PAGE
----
The Autonomy of Aesthetic Response:
Kant and the Neo-Kantians
Meeting of the North American Neo-Kantian Society
Wednesday, 2 March 2016, 7-10 PM
Chair: Lydia Patton (Virginia Tech)
The Meaning of “Life” in Kant’s Critique of the Power of Judgment
Melissa Zinkin (Binghamton University)
Abstract Kant begins the Critique of the Aesthetic Power of Judgment with a reference to the feeling of life. But there has been little discussion in the secondary literature about what exactly Kant means by the feeling of life and what its relationship is to our power of judgment. I argue that by the feeling of life Kant means the feeling of our own mental activity. I argue that for Kant mental activity is systematic thinking and this is why Kant’s principle of reflective judgment requires that we see nature as organized as a system. The special value of judgments of reflection is therefore due to their promotion of our mental activity, or, the life of the mind. Once we understand what Kant means by the feeling of life, we can then see what mental activity is for Kant and also understand why it is promoted by judgments of taste.
Creative Reception: Kant and Cassirer on the Autonomy of Aesthetic Response
Samantha Matherne (University of California, Santa Cruz)
The Critique of the Power of Judgment represents a revolutionary moment in Kant’s thought regarding the nature of aesthetic response: whereas in the first Critique, he relegated the analysis of aesthetic response to empirical psychology, in the third Critique, he provides a transcendental account of its a priori grounds. Or at least that is what Kant intended to do. Whether he was successful or not has more recently become a point of contention as commentators, like Guyer, have argued that Kant is ultimately unsuccessful in this because his explication of the key components of our aesthetic response, specifically, pleasure and the free play of our imagination and understanding, remains within the confines of empirical psychology. While some contemporary commentators (e.g., Zuckert) have sought to defend Kant against this objection, in this paper, I aim to bring to light another original and compelling defense of Kant from the tradition, viz., the one put forth by the Neo-Kantian, Ernst Cassirer.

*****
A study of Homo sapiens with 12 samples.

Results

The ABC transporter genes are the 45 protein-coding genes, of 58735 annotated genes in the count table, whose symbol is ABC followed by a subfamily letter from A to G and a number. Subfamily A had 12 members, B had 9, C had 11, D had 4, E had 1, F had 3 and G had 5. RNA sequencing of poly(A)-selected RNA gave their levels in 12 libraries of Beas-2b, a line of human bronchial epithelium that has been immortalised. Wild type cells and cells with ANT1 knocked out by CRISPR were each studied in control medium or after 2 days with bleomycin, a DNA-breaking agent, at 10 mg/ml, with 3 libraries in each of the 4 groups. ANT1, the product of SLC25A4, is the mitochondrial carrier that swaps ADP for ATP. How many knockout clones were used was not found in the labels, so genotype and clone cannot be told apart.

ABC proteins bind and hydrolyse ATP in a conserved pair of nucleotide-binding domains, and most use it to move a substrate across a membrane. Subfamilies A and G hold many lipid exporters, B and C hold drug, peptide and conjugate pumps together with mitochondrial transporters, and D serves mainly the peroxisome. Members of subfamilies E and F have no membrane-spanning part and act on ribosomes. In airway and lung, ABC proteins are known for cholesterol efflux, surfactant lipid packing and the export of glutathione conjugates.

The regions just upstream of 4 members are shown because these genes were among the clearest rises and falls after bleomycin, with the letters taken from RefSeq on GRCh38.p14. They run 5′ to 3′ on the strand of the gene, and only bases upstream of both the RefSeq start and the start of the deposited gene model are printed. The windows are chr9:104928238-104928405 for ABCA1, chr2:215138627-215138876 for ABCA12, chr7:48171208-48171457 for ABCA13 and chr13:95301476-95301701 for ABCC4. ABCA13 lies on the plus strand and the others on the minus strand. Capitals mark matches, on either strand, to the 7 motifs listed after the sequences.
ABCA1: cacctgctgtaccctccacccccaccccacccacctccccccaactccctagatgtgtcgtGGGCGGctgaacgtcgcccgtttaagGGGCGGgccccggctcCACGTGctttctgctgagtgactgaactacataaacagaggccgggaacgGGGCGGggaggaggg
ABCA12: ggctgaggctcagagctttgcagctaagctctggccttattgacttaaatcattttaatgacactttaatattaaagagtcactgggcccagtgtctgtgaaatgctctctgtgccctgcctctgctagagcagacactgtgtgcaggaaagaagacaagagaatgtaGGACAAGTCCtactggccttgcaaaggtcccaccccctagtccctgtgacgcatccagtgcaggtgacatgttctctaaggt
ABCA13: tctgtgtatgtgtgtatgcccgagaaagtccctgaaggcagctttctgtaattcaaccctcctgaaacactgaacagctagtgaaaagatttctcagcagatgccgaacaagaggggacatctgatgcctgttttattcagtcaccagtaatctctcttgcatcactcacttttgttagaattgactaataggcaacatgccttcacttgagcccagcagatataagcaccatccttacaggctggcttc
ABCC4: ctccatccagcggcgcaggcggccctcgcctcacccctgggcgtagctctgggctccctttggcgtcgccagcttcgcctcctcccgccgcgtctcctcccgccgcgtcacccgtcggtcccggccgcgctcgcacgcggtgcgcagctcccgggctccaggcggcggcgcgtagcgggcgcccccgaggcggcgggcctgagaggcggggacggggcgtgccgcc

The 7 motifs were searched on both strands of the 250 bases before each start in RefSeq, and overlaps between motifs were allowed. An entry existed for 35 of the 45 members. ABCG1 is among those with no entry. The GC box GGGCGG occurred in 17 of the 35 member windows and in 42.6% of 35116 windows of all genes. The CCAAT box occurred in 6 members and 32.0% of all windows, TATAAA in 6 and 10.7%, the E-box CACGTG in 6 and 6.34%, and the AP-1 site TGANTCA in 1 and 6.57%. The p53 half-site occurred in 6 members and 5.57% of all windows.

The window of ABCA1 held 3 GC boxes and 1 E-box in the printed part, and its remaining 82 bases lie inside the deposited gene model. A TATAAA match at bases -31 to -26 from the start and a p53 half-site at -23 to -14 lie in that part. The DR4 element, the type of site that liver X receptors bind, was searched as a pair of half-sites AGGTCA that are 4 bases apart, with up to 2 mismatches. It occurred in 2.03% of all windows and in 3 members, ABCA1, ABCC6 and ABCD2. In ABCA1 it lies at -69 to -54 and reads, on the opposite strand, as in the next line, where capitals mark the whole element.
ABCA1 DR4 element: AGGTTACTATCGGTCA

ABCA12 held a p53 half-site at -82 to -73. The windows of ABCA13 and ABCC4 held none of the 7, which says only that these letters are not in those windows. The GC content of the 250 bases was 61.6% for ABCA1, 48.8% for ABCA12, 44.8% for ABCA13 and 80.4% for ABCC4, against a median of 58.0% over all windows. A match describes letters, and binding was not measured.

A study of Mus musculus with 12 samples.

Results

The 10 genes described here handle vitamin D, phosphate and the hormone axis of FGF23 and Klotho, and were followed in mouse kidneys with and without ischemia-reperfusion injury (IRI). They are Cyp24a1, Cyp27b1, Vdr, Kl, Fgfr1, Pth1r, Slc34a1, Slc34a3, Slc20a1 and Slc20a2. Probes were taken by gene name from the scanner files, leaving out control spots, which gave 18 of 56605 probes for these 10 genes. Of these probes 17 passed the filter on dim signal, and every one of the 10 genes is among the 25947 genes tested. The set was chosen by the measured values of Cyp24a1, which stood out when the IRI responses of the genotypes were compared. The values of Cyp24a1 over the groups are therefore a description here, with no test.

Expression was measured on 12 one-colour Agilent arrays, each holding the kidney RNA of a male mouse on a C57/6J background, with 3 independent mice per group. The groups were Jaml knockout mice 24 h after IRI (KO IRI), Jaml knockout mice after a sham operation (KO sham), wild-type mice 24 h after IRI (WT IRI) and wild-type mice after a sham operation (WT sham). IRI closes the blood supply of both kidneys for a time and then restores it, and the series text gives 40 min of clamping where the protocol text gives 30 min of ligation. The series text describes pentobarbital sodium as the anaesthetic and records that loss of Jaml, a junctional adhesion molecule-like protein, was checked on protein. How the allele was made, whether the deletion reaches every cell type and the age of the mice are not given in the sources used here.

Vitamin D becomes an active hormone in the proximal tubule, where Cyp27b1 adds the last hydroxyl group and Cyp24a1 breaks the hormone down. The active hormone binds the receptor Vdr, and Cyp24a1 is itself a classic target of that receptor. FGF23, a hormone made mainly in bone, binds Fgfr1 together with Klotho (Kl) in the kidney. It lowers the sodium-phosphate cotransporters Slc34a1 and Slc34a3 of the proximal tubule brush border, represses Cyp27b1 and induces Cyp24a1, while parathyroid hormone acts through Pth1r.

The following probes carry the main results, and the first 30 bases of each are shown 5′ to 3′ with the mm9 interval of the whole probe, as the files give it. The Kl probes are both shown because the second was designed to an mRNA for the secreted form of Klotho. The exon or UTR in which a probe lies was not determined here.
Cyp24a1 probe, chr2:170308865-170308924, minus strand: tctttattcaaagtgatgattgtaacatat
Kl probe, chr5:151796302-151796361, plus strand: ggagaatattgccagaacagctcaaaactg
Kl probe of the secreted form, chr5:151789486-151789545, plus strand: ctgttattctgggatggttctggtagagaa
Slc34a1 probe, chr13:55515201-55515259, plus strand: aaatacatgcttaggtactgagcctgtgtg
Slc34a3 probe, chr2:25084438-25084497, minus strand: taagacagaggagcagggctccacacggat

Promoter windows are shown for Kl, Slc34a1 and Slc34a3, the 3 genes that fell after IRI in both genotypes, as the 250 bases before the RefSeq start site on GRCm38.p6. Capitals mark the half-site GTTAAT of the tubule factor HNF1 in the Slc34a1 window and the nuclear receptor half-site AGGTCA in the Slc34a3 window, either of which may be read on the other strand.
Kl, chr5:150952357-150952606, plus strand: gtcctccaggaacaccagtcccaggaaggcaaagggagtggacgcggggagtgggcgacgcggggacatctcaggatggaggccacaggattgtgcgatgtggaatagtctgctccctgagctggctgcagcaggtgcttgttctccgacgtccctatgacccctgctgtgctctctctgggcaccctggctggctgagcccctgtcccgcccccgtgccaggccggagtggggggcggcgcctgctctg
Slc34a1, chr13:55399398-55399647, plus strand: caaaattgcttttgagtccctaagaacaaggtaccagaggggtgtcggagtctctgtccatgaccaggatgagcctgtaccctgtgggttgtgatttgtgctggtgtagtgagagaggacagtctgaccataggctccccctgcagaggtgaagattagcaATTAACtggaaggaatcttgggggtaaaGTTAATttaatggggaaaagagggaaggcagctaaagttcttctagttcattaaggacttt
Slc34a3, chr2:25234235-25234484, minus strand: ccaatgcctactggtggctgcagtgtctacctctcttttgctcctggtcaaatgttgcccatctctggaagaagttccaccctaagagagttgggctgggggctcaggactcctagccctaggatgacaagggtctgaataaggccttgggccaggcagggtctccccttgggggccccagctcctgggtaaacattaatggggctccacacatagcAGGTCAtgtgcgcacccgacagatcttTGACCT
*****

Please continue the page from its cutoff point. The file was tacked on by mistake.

By my lights, appealing to Cassirer in this context is promising not only because, as a Neo-Kantian, Cassirer was explicitly concerned with the threat of psychologism and directly addresses this issue in his aesthetics, but also his strategy is unique: unlike commentators now who concentrate on an analysis of a priori principles, Cassirer seeks to secure the autonomy of aesthetic response by connecting it to the activity of contemplation. More specifically, I show that, on Cassirer’s view, the contemplation involved in aesthetic experience is a creative, spontaneous activity that expresses our freedom and that it is this freedom, not any psychological process, which grounds the autonomy of pleasure and free play. Though Cassirer’s view is valuable in its own right, I hope to demonstrate that it is also a resource for those seeking to defend Kant against the charge of psychologism because it calls our attention to important, though often overlooked features of Kant’s analysis of the autonomous basis of aesthetic response.
An Intricate Relation: The (inter) subjectivity of aesthetic response in Cassirer and Langer
Anne Pollok (University of South Carolina)
Abstract In this talk, I will take up Kant’s theory of aesthetic judgment as subjective in its reformulation by Ernst Cassirer and Susanne K. Langer. While both argue that aesthetic experience is decidedly non-conceptual and does not rest on any objective feature in the artwork that can command assent, their reliance on the concept of “significant form” seems to suffice to relegating them to the objectivist camp. I will argue, however, that the functional structure of significance obstructs such a reading. In the end, both Langer and Cassirer argue that the aesthetic experience offers a deeper intuitive grasp of the human condition that serves as the appropriate subjectivist extension of all our cognitive claims about the world.